In-kind contributions to IMI projects – How does it work?
In 2007 the European Commission and EFPIA created the Innovative Medicines Initiative (IMI), the largest public-private partnership for health in the world. Via this platform, public and private researchers come together to work in areas where there is an unmet medical or social need. And perhaps this has never been more critical than in the recent launch of IMI Call 21, which aims to accelerate the discovery of new diagnostics and therapeutics against COVID-19.
IMI projects are delivered by joint consortia typically consisting of several companies and several public partners (such as academia, regulators, patients groups, and non-governmental organisations). Due to its hybrid, collaborative nature, this kind of research undertaking has therefore a special funding model. Here’s how it works:
- Industry does not receive any public funding (EU grants). The cost of resources invested in a project (time of experts, samples, studies, consumables, subcontracted work, cash, etc.) is not claimed back – it is EFPIA’s in-kind investment in IMI projects. How the funding works is explained in our infographic below.
- An amount that matches the industry investment is given as grants to public partners in the consortium to fund the cost of the work that public partners undertake for the project. So, for example, if the contribution of industry partners is worth €5 mln, a €5 mln grant will be paid to public partners by the European Commission.
Are in-kind contributions real; how are they reported and checked?
Companies report all costs in exactly the same way as the grantees. The costs should be traceable in companies’ books and the companies’ financial reports need to be checked and signed by independent auditors, prior to their submission to IMI.
Companies’ financial reports are then scrutinised by the IMI Office, including through on-the-spot checks.
To learn more about this process, take a look at our infographic.
So even if companies do not receive public funding from IMI, their reporting obligations are the same as for public partners. The only difference is that companies are not directly audited by the Court of Auditors (CoA), because its role is to check how EU funding is used. The CoA however checks IMI accounts, which comprise companies’ financial reports.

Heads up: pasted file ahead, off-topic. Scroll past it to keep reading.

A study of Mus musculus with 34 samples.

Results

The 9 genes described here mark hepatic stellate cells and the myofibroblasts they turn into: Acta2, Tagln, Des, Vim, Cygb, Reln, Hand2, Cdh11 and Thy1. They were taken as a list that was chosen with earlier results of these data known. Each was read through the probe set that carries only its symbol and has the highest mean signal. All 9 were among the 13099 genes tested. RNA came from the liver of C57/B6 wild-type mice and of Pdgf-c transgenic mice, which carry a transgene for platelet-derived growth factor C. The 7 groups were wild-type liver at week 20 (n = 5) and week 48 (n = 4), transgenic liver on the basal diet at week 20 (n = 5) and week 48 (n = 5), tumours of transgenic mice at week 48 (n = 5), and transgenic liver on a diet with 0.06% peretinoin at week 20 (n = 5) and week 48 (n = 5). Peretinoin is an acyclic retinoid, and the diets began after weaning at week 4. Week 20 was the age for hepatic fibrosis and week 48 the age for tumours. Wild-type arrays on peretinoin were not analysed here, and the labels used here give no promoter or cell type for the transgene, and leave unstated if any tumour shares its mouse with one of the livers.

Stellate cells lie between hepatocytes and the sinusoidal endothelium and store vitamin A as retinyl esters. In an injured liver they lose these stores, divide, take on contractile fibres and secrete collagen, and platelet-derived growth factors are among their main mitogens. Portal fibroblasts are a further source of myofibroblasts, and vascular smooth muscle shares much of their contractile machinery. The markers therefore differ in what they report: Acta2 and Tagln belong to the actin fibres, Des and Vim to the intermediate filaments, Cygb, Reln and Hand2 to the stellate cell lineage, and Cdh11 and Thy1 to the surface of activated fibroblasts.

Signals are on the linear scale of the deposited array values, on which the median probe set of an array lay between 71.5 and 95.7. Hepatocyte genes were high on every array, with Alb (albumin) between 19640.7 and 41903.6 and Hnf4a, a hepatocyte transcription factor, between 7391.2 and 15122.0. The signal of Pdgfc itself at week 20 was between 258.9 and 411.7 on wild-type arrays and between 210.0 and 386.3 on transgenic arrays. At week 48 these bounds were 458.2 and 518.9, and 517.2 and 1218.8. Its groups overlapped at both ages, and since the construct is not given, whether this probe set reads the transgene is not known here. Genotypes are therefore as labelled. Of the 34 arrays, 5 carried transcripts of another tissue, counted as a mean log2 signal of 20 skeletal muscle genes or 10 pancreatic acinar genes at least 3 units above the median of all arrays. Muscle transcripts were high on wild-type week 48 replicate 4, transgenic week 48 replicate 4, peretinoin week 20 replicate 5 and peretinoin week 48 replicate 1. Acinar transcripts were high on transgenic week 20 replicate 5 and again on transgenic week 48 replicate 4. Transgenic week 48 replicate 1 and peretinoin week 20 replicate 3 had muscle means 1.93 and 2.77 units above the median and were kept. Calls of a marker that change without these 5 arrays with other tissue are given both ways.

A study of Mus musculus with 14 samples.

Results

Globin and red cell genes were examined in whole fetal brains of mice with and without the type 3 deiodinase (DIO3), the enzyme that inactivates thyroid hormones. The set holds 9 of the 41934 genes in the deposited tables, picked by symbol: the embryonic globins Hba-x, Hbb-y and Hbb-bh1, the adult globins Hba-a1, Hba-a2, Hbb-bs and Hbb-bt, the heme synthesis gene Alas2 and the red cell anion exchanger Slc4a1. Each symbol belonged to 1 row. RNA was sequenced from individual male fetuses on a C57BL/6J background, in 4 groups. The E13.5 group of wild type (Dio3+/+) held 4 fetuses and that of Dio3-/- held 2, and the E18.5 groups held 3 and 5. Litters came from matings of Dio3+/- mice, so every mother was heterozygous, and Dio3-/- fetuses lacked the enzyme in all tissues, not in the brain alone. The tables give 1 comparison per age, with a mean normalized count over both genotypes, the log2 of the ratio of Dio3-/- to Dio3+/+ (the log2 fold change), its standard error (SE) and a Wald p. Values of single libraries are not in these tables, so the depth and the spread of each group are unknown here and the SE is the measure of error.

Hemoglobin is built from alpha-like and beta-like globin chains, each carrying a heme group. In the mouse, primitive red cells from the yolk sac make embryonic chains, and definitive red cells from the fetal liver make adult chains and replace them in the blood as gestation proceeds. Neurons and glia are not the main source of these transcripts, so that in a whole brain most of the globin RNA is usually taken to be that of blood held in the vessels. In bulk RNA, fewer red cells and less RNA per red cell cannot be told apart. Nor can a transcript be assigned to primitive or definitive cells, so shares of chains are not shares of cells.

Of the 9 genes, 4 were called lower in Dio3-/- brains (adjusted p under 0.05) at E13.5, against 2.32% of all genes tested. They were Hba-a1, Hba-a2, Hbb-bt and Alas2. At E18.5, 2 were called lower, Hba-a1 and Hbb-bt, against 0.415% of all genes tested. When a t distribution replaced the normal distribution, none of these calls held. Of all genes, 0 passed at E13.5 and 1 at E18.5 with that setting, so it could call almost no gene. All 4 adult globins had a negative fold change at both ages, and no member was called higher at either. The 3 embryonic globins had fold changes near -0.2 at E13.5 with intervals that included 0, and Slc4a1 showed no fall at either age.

Why do companies not receive funding?
This is because they usually define the topic texts, in line with the IMI2 strategic research agenda, to which they commit upfront specific in kind contributions. What’s more, industry does not choose with whom it might work on a project – public partners are selected by an independent panel through a competitive process. This model works effectively for the type of projects and collaborations that IMI pioneers.
Under exceptional circumstances, such as this COVID-19 pandemic, the topic driven by the urgent public health need, was defined and written by the IMI office and companies and public partners were invited to team up and submit joint proposals to accelerate time to start. However, even in these special circumstances, large companies will not be eligible to receive public funding in IMI.
One size does not fit all: the Commission has a number of different instruments to support research and development, each of them tailored to a specific need or a specific facet of the challenge at hand. IMI is just one model amongst many, and this diversity is fantastic for European science and innovation.
If you would like to know more about the funding of IMI and in-kind contributions made by companies, please consult the IMI website for additional information.